HC dismisses plea by HCC's invocation of bank guarantee by NHPC worth ₹214 cr2 min read . Updated: 22 Sep 2020, 07:46 PM IST
- NHPC invited bids from pre-qualified bidders for turnkey execution of the 330 MW hydro-electric power plant
- The bid was accepted on Jan 2009 and a contract was signed between the parties on March same year
NEW DELHI : The Delhi High Court on Tuesday dismissed an appeal filed by Hindustan Construction Co. Limited (HCC) against a single-judge bench order, seeking an injunction restraining National Hydro-Electric Power Corporation Limited from invoking or encashing any or all of its bank guarantees cumulatively worth ₹214.36 crore.
“In other words, encashment of the unconditional BGs will not result in irretrievable injury to the appellant/HCC requiring this Court to take a view different from the very well considered view taken by the learned Single Judge. The appeal is dismissed as being devoid of merit," the judgment reads.
NHPC being a Public Sector Undertaking involved in the setting up of and execution of hydro-electric power projects in India, invited bids in 2006 from pre-qualified bidders for turnkey execution of the 330 MW hydro-electric power plant on the Kishanganga River in Bandipora, Jammu and Kashmir.
Bid accepted, contract signed
The bid by HCC was accepted on 22nd January, 2009 and a contract was signed between the parties on 9 March, 2009 for the execution of the Kishanganga Project.
The scope of the work was defined along with other civil work. The work was to be completed by January, 2016. As part of its contractual obligations the appellant/HCC was required to furnish Performance Bank Guarantees, which it furnished.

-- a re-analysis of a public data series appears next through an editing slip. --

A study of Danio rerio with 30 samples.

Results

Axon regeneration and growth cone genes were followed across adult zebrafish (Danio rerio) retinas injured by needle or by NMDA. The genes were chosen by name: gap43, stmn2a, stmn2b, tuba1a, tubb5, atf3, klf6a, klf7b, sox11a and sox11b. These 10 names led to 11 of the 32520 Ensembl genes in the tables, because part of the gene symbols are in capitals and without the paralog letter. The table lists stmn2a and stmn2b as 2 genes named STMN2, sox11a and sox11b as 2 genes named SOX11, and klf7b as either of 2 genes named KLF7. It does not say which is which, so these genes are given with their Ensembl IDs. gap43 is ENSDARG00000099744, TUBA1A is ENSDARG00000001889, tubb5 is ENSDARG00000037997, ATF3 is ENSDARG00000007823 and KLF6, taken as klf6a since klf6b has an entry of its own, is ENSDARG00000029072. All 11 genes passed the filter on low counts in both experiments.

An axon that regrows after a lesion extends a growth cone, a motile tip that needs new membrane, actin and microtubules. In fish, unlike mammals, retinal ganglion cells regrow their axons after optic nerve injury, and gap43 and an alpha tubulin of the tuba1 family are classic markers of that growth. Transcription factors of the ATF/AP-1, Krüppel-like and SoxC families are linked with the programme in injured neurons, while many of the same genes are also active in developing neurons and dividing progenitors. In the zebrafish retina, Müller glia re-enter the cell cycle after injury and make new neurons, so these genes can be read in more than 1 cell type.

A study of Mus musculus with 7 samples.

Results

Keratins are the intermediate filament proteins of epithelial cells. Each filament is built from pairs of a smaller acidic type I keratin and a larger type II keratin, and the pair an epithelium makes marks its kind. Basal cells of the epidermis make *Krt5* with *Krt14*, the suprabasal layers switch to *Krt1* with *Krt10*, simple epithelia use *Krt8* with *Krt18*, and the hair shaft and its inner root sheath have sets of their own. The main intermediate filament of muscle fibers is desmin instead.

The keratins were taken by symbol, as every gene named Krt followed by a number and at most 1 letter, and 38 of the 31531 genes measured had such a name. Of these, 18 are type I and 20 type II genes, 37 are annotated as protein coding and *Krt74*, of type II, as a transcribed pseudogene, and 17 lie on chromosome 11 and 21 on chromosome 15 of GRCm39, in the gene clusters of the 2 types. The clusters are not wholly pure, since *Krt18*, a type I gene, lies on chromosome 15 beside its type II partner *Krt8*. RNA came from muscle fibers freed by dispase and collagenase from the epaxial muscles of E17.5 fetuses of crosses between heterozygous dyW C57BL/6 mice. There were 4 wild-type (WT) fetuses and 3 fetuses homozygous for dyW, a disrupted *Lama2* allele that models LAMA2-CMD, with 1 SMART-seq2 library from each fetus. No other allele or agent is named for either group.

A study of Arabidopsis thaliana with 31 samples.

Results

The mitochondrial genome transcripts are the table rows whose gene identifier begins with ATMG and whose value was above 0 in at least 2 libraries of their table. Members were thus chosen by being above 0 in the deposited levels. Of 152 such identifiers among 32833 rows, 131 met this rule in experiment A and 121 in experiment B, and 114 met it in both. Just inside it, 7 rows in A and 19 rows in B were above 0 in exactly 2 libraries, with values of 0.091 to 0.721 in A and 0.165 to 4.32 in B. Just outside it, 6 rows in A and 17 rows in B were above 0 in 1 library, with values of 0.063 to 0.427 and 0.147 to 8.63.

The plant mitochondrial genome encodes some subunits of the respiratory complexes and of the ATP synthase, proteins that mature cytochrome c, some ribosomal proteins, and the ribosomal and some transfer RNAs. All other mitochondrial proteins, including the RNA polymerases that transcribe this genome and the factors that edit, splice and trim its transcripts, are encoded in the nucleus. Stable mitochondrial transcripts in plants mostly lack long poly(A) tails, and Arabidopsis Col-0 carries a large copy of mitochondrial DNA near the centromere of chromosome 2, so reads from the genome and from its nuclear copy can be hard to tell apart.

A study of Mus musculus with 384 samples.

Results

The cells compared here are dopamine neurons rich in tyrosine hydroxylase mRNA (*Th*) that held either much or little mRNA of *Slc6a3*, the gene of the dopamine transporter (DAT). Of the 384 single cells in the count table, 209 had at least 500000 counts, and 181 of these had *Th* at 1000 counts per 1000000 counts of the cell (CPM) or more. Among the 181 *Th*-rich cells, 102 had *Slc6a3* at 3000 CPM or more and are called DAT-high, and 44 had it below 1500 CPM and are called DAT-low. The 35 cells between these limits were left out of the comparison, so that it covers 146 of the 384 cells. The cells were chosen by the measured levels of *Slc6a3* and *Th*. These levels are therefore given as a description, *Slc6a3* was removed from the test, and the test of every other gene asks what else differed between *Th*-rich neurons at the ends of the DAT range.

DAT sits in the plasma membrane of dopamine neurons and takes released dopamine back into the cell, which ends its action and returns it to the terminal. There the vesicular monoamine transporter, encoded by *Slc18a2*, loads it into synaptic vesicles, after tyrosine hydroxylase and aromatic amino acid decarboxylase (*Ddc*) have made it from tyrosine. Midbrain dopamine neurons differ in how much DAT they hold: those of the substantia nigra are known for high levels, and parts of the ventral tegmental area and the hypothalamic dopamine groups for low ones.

The timeline for execution of the project was till 2016, however, when HCC failed to adhere to the same, NHPC invoked the bank guarantees in June 2020. The construction giant then claimed NHPC had committed fraud against it and approached the high court.
Senior Advocate Dayan Krishnan appearing for HCC keenly urged that the challenged judgement wrongly rejected the principle of proportionality and even if fraud was not disclosed in the making of the BGs, the conduct of the respondent/HCC disclosed fraudulent intent.
He added that the case of the HCC was covered under the two exceptions recognized by the courts and that the cumulative impact of all circumstances put together, was to shock the conscience of the court and thus, special equities existed in favour of the appellant.
Senior Advocate Maninder Acharya contended, on the other hand, that the Single Judge had rightly concluded that neither was there fraud, which in any case had to be of an egregious kind, nor were there any special equities made out in favour of the appellant/HCC.
It was pointed out that the communication between the parties and as reproduced in extenso in the challenged judgement, showed that the work had not been completed by the HCC.
“... The contract is not a concluded one. Neither has it been terminated. The liabilities are not crystallized. There were also several payments that had been made by the respondent/NHPC on behalf of the appellant/HCC. As pointed out by the learned Senior Counsel for the respondent/NHPC, though it had extended the DLP, the stand of the appellant/HCC in its communications has been that it had no finances to proceed to complete the pending work and the respondent/NHPC should pitch in with the money," the judgment said.
“It is, thus, clear that the respondent/NHPC may have to get the work completed from some other agency at the risk and cost of the appellant/HCC which justified the respondent/NHPC encashing the existing BGs.Suffice for our purposes that all the facts highlighted by the learned Senior Counsel for the appellant/HCC do not disclose special equities in favour of the appellant/HCC," it added.